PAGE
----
ColoradoCare spurs debate between docs on Western Slope
Since summer 2015, and for several years leading up to Amendment 69’s placement on this November’s ballot, Dr. Christine Ebert-Santos, M.D. M.P.S., has been on a mission to change the conversation on health care from that of a privilege to being a guaranteed right.
The Frisco-based pediatrician has made stops all over the county and across the Western Slope pitching ColoradoCare, the citizen-launched initiative to establish a new tax to create a universal system ensuring every Coloradan has health coverage. In her nearly two decades practicing in Summit County, she’s only seen the percentage of people who are uninsured or on Medicaid tick up and believes a new approach in the state could have dramatic benefits for those living in the mountain community.
“Young people up here are working three jobs, are struggling to get housing and are afraid to go to the doctor,” Ebert-Santos said. “They’re getting squeezed by their college loans but have got to have a place to live, so health care is the last thing they’re going to pay for and they’re rolling the dice. They’d better not go skiing or snowboarding.”
Summit and many of its neighboring counties persist with some of the highest insurance premiums in the nation. And in 2017, the rates are going up. In September, the state’s Division of Insurance approved average hikes throughout the state of 20 percent, while some rural and mountain populations could see increases of more than 40 percent.
By the numbers, the passage of the Affordable Care Act in 2010 under President Obama — colloquially dubbed Obamacare — has helped to insure tens of millions more Americans, and also significantly decreased those in Colorado without coverage. Data from the Summit Community Care Clinic, the area’s safety-net health center, confirms that 85 percent of its patients were uninsured in 2011, and that’s now down to about 62 percent year to date for 2016. Conversely, about 25 percent of those who visit today have Medicaid, up from about 8 percent over that same time frame.
That’s not kept actual costs in check on the Western Slope, however, and county leadership acknowledges its led to many residents having to choose between paying their rent or for their family’s health care.
“The Affordable Care Act is not working in the high country,” Commissioner Thomas Davidson said at an election forum in October, with fellow Commissioner Dan Gibbs often noting that the status quo does not work for the community, leading some to the breaking point of being forced to leave the region.
Everyone seems to consent that change is necessary. The problem is no one yet quite agrees how to go about it, and ColoradoCare, spearheaded by former doctor and state Sen. Irene Aguilar (D-Denver) and endorsed by U.S. Sen. Bernie Sanders (I-Vermont), proposes a paradigm shift.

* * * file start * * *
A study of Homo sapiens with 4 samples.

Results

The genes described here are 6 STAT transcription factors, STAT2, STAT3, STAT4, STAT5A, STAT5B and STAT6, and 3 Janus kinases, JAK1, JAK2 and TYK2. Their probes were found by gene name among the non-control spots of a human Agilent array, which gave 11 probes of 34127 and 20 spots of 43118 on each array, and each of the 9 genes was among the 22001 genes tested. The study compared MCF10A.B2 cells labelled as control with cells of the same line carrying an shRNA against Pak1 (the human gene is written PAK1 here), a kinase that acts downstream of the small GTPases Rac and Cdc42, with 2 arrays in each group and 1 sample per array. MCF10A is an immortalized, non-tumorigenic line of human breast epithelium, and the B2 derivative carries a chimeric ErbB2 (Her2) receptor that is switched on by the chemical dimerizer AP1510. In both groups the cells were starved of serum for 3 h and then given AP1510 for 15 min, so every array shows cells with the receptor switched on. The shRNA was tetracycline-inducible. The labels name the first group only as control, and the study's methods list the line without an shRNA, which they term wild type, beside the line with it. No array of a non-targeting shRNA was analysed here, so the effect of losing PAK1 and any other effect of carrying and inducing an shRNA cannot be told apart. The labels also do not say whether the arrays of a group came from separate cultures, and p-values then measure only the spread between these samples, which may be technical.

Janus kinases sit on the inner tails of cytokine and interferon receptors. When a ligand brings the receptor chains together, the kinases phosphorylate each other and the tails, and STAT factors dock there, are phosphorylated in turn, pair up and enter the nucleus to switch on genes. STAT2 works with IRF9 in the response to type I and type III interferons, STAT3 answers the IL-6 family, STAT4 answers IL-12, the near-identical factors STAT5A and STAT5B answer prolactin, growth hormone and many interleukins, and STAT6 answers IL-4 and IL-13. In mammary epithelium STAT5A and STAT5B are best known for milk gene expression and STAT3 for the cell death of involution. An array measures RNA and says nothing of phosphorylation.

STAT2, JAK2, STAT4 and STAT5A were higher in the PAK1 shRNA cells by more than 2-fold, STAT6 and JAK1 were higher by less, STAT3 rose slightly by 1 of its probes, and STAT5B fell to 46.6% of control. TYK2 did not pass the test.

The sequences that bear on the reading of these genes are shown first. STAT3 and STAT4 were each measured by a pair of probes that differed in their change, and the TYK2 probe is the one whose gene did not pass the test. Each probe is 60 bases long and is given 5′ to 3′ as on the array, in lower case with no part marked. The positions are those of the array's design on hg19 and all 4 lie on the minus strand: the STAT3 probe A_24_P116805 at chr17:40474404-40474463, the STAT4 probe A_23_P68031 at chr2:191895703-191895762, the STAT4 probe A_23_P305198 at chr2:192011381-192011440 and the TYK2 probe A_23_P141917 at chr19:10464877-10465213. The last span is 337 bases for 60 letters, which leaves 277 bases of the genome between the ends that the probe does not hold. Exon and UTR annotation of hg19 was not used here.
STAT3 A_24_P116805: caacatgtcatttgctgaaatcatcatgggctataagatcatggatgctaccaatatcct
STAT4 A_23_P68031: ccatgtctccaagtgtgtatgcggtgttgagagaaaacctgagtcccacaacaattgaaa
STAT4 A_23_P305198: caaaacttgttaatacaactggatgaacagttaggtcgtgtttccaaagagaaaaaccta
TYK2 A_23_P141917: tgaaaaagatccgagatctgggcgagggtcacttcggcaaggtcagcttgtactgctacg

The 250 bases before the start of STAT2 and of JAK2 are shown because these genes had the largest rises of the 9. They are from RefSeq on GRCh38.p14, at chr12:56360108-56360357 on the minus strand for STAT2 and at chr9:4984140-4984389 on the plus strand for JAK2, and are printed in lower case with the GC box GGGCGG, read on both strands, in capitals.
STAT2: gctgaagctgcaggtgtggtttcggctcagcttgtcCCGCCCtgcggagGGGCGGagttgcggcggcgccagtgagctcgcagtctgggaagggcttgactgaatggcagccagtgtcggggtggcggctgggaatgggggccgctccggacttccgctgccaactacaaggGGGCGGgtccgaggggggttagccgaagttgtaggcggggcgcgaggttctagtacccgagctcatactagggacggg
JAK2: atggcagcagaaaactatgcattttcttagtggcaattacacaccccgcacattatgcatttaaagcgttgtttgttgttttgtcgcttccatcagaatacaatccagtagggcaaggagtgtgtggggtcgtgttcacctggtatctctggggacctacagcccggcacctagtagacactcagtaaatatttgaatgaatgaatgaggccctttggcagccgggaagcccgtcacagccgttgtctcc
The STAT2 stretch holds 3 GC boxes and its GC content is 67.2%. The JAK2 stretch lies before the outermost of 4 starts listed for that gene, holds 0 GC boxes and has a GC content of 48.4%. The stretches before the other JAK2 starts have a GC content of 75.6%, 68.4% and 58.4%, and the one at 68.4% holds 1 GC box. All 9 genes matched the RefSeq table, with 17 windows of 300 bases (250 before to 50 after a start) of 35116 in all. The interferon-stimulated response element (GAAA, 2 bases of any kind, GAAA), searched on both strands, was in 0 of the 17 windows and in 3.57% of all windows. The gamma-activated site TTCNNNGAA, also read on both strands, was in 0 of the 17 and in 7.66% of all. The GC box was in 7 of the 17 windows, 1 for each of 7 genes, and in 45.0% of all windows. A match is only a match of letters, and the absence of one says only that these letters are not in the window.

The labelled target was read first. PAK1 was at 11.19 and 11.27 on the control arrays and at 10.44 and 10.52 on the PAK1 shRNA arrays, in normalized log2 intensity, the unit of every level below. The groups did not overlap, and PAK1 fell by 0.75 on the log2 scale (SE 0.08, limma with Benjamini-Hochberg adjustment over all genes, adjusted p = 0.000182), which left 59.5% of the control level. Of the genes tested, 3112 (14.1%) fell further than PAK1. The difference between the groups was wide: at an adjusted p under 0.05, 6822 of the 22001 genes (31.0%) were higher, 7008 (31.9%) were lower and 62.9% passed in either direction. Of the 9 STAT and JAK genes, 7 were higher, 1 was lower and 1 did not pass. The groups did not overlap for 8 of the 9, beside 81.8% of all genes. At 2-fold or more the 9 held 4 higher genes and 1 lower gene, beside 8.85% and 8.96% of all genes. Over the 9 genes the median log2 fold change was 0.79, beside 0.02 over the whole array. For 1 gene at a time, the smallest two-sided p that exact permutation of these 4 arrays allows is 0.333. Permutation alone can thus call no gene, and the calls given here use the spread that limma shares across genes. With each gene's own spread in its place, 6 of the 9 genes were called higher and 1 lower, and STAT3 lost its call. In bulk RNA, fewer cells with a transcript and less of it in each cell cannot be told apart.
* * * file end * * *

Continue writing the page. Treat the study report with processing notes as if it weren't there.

Although some pose arguments against the passage of Amendment 69 based solely on a procedural stance — that such a measure does not belong in the state constitution — for many others the single-payer system’s funding mechanism is at the core of the quarrel. Several conflicting studies have been produced as to whether such a statewide program, which would be financed through a 10 percent payroll tax split between employers (6.6 percent) and employees (3.3 percent), could be solvent long term.
One study, released in August by independent health policy research outfit the Colorado Health Institute, estimated deficits could reach upward of $8 billion once ColoradoCare has been in effect for a decade. A follow-up analysis conducted by Dr. Ivan J. Miller, Ph.D., a Boulder-based psychologist who acts as executive director of the Colorado Foundation for Universal Health Care, disputes these findings. The foundation claims the study failed to include states revenue from Medicaid and Child Health Plan Plus, as well as the slowed growth of health care inflation from a single-payer system.
Still, it’s this potential financial chasm that has Dr. Andrew Catron, M.D. OB-GYN, another local physician out of the Swan Mountain Women’s Center in Breckenridge, advocating strongly against Amendment 69. He maintains that, as written, the initiative is unsustainable and will ultimately reduce the number of health care options along the Western Slope if passed by voters.
“Some of the best practitioners in this area will not stay,” Catron said. “Many doctors have said they will leave the state or retire, and our access to quality medical care will suffer as a result. Backers are overpromising, and when they under deliver, they won’t be the ones held accountable, it’ll be the citizens of Colorado. Of course, if it’s financially unstable, it will require greater tax increases or reduced quality or quantity of care to make up for that loss.”
Perhaps not surprisingly, some of the biggest financial donors to the campaign against Amendment 69, labeling itself “Coloradans for Coloradans,” are major health care companies such as Anthem, United Healthcare, Centura Health, DaVita and Cigna. Others to oppose ColoradoCare include Gov. John Hickenlooper, the Colorado Medical Society, Colorado Hospital Association and Club 20, a Grand Junction-based nonprofit that positions itself as the “Voice of the Western Slope.”
Under the current system though, Ebert-Santos contends that a lack of transparency prevents anyone from ever really knowing the price of a doctor or hospital visit, or procedure, until well after the fact. Spreading that cost among individuals and small businesses is a way to streamline those expenses, and she encouraged people to take a look at what their specific taxes would be under the new structure at http://www.colorado care.org/calculator.
“It’s time we remove the inequality within this system,” Ebert-Santos said. “We need to stop withholding health care from people, and, make it a right.”